Jim Huebner
21 September, 2021

A while back, I informally asked our blog readers to give us some feedback on the articles we write. The marketing researcher in me naturally wants to know what people like, don’t like, and what they’d like to see more of. After all, we want to make sure we’re posting discussions that are helpful and will be forwarded to friends… and not to digital trash cans.

The survey results were fascinating. We are a small company but tend to work with larger manufacturers and their sales channels. That’s why I gravitate to discussing branding and positioning situations common to these bigger organizations. However, a number of readers asked that I try making some application to the littler guys, too. Particularly, the dealers of our clients.

So here we go…

Where does great marketing start for a small business like an RV dealer, a construction equipment retailer, or a local franchisee? Well, believe it or not, it starts in the same place it does for big companies with a great product or service.

Think about it. If the local mechanic didn’t fix your problem, would you go back? If your haircut made you look ridiculous (or at least more ridiculous than you already look, if you’re like me), would the same person be cutting your hair next time? If the muffin was stale, the craft beer was nothing to write home about, or the ROI promised wasn’t realized, would you continue to buy from them? You might give them a second chance. But a third, fourth, or fifth chance? Probably not. Product is first and foremost. It MUST meet or exceed expectations. So if you’re not selling the best products on the market or at least a brand challenging the best on the market the first place to start is to find another manufacturer to supply your products. Otherwise… your days may likely be numbered.

Second, you need to decide how you’re going to differentiate your service or product from your competition. Maybe it will be your location, or you’ll do it faster, cheaper, with a longer guarantee or free delivery. Whatever that differentiation strategy is going to be, remember this: The more dramatically unique and relevantly useful or appealing it is to your customers, the more powerful your story is going to be. And a powerful story is key to the all-important MEMORABLE story.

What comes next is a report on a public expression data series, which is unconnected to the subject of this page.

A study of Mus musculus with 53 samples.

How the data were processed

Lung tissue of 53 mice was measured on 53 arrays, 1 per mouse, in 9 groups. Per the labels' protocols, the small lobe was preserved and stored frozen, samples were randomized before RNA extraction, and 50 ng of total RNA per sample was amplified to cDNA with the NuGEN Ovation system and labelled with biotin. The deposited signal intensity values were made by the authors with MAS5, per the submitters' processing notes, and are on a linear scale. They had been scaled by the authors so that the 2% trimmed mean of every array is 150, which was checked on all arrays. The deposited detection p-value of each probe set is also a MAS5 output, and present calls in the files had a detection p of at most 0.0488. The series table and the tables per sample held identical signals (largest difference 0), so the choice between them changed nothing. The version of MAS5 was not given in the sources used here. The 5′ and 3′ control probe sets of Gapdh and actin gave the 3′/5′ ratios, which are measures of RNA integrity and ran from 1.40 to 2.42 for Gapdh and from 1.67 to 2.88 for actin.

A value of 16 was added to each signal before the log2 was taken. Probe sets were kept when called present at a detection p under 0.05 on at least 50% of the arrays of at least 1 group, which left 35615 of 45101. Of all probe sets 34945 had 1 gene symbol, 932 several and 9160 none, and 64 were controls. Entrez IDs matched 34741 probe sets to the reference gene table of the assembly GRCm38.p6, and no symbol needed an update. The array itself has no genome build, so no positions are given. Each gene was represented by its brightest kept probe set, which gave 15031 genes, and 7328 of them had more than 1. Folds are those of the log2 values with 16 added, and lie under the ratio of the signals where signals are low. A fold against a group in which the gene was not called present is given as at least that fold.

Finally, you need a plan for consistently communicating your difference to your target audience over a long period of time. The biggest challenge is deciding how and where you’re going to do this. But no matter what tactics and which media you decide to use: print ads, Internet advertising, signage, radio or TV ads, publicity, social media, or ValPak inserts, here’s something to keep in mind… Impact first. Then frequency. And then reach. Always in that order.


Make sure your differentiating message is clear and the creativity behind it causes it to stand out. It’s money wasted if people aren’t drawn to your ad right out of the chute (that’s why the use of strong, relevant images or startling headlines is so important.)


Before you start running that high-impact ad all over the place, ensure your initial medium of choice sees good saturation first. For example, it’s better to run 30 radio commercials on one station in a week than 3 spots on ten different stations. (By the way, that’s the beauty of retargeting with web ads. WHEREVER your prospects go, you can stay in front of them once they’ve been to your website… AND you can target your geographic area so you’re only advertising where you do business!)


Once you’ve maxed out your frequency, then and only then, should you consider expanding the broadcast of that message into additional media.

There it is. Marketing for the little guy. And if you noticed, it’s not so different from big guy marketing…

  • Great product or service
  • Well differentiated story
  • Consistent delivery of your message over a long period of time.

Do that, and you just might be on your way to marketing like the “big guys”.